Pest control: the keys to keeping fleas and ticks at bay

01 August 2014, at 1:00am

Tanya Leslie BVSC, MRCVS, technical manager at Merial Animal Health, answers questions about parasite control

What are the major types of flea and tick prevalent in the UK? 

Ctenocephalides felis, the cat flea, is the dominant species of flea in the UK and is most often the flea you see on pets coming into your practice. C. felis accounts for up to 99% of fleas found on cats and around 93% of those found on dogs.1 Pockets of C. canis do persist (Scotland and Northern Ireland) although it is rare.1 The cat flea has been also documented infesting horses, sheep and goats!

The most common species of tick in the UK is Ixodes ricinus, known to carry and transmit Lyme disease. Not present in the UK, but of great importance abroad is Rhipicephalus sanguineus, capable of transmitting a variety of diseases including Babesia canis3.

It can result in heavy infestations on inadequately treated dogs travelling in Europe. Dogs not treated with a tick-control product in a suitable time- frame before returning to the UK may bring this tick home with them.

What are the lesser known ones? 

Lesser known species of flea include Archaeopsylla erinacei (the hedgehog flea), Pulex irritans (the human flea), Spilopsyllus cuniculi (the rabbit flea) and Ceratophyllus (Nosophyllus) fasciatus (the rat flea). These species have been recovered from dogs and cats around the UK (the human flea has been found infesting dogs and cats in London).

The relatively rare tick species Dermacentor reticulatus survives in small pockets in the south-west. In Europe, this tick species is also capable of transmitting canine Babesia.

What is the most effective way of controlling them? 

Pets should be treated with flea control products throughout the year, not just summer. Most homes are centrally heated and the off-pet portion of the flea lifecycle is easily maintained in the home during winter.

A few months of central heating without flea control can result in an indoor infestation explosion the following spring, with no apparent warning. This is common and often affects pet owners who don’t normally see fleas (hence not treating over winter) leaving them disillusioned with their flea control and the advice given by the prescriber.

In the face of a heavy indoor infestation, treatment of all the pets in the home for 3-6 months and vacuuming more than usual may be required before the pre-existing pupae in the home are eradicated.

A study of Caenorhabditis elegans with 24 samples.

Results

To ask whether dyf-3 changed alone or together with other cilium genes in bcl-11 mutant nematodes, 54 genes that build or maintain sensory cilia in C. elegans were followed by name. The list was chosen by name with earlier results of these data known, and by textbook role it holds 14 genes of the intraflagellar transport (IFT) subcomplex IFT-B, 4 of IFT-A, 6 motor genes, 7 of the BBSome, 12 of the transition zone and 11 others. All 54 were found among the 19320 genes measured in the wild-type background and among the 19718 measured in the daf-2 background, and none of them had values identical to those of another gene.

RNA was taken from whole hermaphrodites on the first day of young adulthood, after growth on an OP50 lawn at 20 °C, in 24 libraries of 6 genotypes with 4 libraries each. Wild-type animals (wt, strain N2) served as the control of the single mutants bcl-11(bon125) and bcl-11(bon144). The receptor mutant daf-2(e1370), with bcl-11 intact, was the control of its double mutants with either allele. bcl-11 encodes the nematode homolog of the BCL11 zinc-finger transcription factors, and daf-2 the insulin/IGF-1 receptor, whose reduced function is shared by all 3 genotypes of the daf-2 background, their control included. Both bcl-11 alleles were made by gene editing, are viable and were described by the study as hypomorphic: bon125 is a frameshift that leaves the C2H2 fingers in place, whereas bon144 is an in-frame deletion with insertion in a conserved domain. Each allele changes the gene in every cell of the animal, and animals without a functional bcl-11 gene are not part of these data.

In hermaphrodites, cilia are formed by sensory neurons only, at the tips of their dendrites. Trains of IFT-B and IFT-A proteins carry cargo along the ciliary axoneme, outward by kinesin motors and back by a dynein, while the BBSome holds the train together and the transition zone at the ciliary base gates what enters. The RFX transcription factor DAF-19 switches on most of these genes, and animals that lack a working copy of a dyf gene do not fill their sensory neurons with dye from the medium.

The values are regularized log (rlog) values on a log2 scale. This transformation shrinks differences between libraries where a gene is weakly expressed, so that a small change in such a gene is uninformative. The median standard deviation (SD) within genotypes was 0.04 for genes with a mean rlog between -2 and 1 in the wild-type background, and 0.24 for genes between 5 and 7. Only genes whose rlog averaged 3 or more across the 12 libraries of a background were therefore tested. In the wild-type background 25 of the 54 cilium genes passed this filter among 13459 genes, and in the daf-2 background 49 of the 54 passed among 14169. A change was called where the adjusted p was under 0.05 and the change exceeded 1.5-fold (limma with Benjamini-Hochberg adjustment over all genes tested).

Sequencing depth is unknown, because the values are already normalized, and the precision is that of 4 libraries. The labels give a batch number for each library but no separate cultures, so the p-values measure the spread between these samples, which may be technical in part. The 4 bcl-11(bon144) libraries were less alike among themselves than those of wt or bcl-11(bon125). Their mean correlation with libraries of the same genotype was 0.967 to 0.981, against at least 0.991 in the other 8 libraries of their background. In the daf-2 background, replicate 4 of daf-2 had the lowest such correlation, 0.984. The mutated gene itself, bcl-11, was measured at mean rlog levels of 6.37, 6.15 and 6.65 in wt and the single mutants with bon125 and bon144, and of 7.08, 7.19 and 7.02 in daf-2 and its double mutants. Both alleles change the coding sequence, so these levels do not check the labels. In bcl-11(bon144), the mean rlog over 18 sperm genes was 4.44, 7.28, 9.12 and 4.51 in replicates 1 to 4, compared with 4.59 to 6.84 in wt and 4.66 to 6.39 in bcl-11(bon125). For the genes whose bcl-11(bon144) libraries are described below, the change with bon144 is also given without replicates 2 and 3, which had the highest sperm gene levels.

Tick control should be based on pet lifestyle and owner expectations. No product can completely repel ticks or prevent feeding and owners should be advised of this.

Repellent spot-ons can go some way to reducing the engorged tick burden but are often easily washed off when bathing or swimming. With any product, it is important to remember that efficacy decreases toward the end of the treatment period which can result in attachment of ticks for longer than expected.

This is especially important for dogs travelling abroad where the risk of tick-borne disease is high and growing puppies.

What advice should vets be giving clients? 

There are no products that stop fleas from jumping onto treated pets from the environment.

By using flea control regularly you certainly can keep the home free of infestation by killing fleas before they lay eggs and you can reduce the exposure of the treated pet to fleabites but owners should expect to see fleas for short periods at times when the pet is exposed to a high flea burden, especially in summer.

When it comes to ticks, the level of control required should be tailored to the individual. Products that allow the effective concentration in or on the pet to be replenished at monthly intervals are great for the high-risk periods and maintain a steady speed of tick kill from month to month.

How can practitioners improve compliance rates amongst clients? 

Owner compliance is the result of two factors: (a) How easy it is to treat the pet and (b) if they understand the importance of your recommendations.

Cats that are difficult to catch and dogs that shiver and shake at the thought of their flea control are much more likely to miss treatments. Whether a pet owner purchases a pack of 3, 6 or a single treatment, the importance of them coming back to the clinic for a refill regularly cannot be overstated.

It is your opportunity to review the protocol, remind them of the importance of regular treatment and to get an accurate weight. Palatable flea and tick control is an innovative way for owners to bond with their dogs and aids establishment of a regular parasite control routine.

When it comes to cats, only the brave tend to venture for tablets and so spot-on ea, tick and worm control remains the mainstay for cats.


  1. Bond, R. et al (2005) Survey of flea infestation in dogs and cats in the United Kingdom during 2005. Veterinary Record: April 2007.
  2. Yeruham, I. et al (1996) Ctenocephalides felis eainfestationinhorses.Veterinary Parasitology 62: 341-343. 
  3. Wall, R. (2012) A ticking clock for tick-borne disease? Veterinary Record: March 2012
  4. Dryden, M. (2013) Personal communication.